Tenants in an apartment or other rental property may wish to add a new roommate for any number of reasons. Sometimes, this is an effort to alleviate some of the burden of rent, while in other cases the existing tenant or tenants may have simply found a compatible person with whom they would like to share living space. If you are personally considering opening up your apartment to another, there are several things you will need to take into consideration. The main factor to keep in mind is the same for nearly any substantial change you choose to make in your apartment or in your renting arrangement. You will need to request your landlord's permission.

If you are unfamiliar with the ramifications of adding a roommate to your lease, you will want to familiarize yourself with the entire process before promising anything to someone who wishes to move in. One important thing to understand involves the rent itself. If you are seeking a roommate primarily because the burden of the rent is too much for you to handle, you may want to consult with your landlord about your concern before officially requesting that a roommate be added. The reason for this relates to the change of stipulations that can take place during this process.

Practical Lease Considerations

One reason that you will want to ask your landlord to add a new roommate to the lease, rather than merely allowing someone to live in your rented residence and pay you cash before you pay the landlord, is so that you personally will be protected in case this person decides to throw a party. If the landlord approves someone else living in the rental property with you, he or she will then most likely want that individual to go through a standard process of credit check, application, and new lease. This proceeding affords as much protection to you as it does to your landlord.

Oftentimes, people who have a roommate "unofficially" living with them experience problems if that individual decides not pay rent. If the new roommate does not have his or her name on a lease agreement, you do not have a recourse if the rent is not paid. If you have brought someone on board specifically to help with the rent, you may find your decision backfiring if that person becomes either unable or unwilling to pay a fair share of the rent. Even though having this person go through the standards rental agreement process is in your ultimate best interest, there are some possibilities concerning your own lease that you should be prepared for.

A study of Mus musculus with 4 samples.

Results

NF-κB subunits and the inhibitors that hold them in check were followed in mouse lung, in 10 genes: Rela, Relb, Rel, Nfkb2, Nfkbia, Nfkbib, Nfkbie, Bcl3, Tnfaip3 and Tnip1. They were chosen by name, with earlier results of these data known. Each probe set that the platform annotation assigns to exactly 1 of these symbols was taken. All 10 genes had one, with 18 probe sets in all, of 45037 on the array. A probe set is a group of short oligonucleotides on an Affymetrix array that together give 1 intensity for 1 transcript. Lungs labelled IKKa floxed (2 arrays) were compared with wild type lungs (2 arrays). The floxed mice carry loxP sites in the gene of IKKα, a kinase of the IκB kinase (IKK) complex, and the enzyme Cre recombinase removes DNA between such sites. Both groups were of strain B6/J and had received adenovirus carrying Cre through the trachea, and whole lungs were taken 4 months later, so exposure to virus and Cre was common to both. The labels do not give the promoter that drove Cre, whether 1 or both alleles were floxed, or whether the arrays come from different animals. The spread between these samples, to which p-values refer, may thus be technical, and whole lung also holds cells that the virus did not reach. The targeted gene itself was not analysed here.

Because your rental situation will be changing, at your request, from the original one you agreed upon in your lease, your landlord may very well require you to sign a new a lease at the same time your new roommate signs his or hers. This might not have a significant impact on you, though in some cases, your rental rates will be affected. On a normal basis, your landlord would have to provide you with ample notification of rate changes in accordance with laws in your jurisdiction; if you are willingly changing your rental situation, however, the landlord can write a new lease that reflects inflation in standard rental prices.

Another thing to consider in adding a roommate to a lease is the occupancy limit. If you do not recall off hand what the limit associated with your apartment is, you can either find a copy of your original lease agreement or ask your landlord. Often dictated to a certain extent by local laws, occupancy limits may prevent a new roommate being added.